Problem: Genesis records, “So it came about in the course of time that Cain brought an offering to the Lord of the fruit of the ground. 4 Abel, on his part also brought of the firstlings of his flock and of their fat portions. And the Lord had regard for Abel and for his offering; 5 but for Cain and for his offering He had no regard. So Cain became very angry and his countenance fell” (Gen. 4:3-5). Some commentators argue that God favored Abel’s sacrifice because it was a blood sacrifice, rather than a fruit sacrifice. Thus Abel’s sacrifice prefigures the ultimate sacrifice of Christ. Is this the case?
Solution: Nothing in the text inclines us in this direction. Later on in the Law, both animals and grain were given to God as first fruits (Lev. 1-7). Waltke concurs, “In the Pentateuch, the tribute (minḥâ) is a bloodless sacrifice.” God isn’t against gardeners, rather than shepherds. Adam and Eve were gardeners before the Fall (Gen. 2:15), so the profession or offering itself cannot be the issue.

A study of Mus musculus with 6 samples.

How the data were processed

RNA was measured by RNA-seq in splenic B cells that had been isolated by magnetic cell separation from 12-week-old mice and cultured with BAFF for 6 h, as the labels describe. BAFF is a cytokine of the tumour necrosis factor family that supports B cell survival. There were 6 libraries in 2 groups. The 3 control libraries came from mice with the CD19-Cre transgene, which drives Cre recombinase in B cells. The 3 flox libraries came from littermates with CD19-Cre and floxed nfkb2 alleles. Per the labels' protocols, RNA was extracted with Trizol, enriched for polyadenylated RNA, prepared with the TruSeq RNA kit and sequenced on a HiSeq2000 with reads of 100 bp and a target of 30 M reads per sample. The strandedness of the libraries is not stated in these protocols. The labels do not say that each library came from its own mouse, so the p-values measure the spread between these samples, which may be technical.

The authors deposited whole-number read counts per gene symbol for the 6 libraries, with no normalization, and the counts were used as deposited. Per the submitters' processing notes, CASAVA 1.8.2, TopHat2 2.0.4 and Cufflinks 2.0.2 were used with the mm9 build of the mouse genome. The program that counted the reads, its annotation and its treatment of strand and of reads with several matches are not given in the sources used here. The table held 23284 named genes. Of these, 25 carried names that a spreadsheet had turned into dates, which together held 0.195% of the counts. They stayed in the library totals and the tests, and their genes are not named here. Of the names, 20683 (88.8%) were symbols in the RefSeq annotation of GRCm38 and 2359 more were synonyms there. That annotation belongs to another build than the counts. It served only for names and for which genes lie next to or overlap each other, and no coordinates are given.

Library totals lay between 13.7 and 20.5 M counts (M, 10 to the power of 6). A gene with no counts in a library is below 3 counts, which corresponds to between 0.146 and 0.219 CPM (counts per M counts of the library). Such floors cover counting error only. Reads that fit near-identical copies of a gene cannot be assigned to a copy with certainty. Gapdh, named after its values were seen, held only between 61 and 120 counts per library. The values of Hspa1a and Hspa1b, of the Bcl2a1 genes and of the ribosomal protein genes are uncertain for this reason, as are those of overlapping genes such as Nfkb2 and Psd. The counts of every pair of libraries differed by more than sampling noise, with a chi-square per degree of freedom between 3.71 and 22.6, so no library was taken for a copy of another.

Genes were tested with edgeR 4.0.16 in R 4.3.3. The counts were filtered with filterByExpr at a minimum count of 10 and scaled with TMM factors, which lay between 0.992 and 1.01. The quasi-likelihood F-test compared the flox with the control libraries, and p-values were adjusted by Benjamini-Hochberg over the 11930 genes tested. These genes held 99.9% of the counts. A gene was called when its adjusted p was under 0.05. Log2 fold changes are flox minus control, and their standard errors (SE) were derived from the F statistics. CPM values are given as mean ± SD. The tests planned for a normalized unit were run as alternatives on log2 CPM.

The only difference between the two offerings is the faith of the offering. Abel brought the “firstlings” of his flock, while Cain simply brought “an offering.” Hartley writes, “These terms convey that Abel gave the best to God.” This squares with the author of Hebrews’ commentary on this section: “By faith Abel offered to God a better sacrifice than Cain, through which he obtained the testimony that he was righteous, God testifying about his gifts” (Heb. 11:4). John states that the reason Cain killed Abel was “because his deeds were evil, and his brother’s were righteous” (1 Jn. 3:12). Cain was coming to God on his own terms—not God’s terms.
Cain’s offering is similar to false worship of God today. People outwardly look religious, giving their offering to God. Yet inwardly, they are giving him the leftovers—not an act of faith. God sees the heart—not just the offering or actions.
 Waltke, B. K., & Fredricks, C. J. (2001). Genesis: a commentary (p. 97). Grand Rapids, MI: Zondervan.
 Hartley, John. Genesis. (W. W. Gasque, R. L. Hubbard Jr., & R. K. Johnston, Eds.). Grand Rapids, MI: Baker Books. 2012. 81.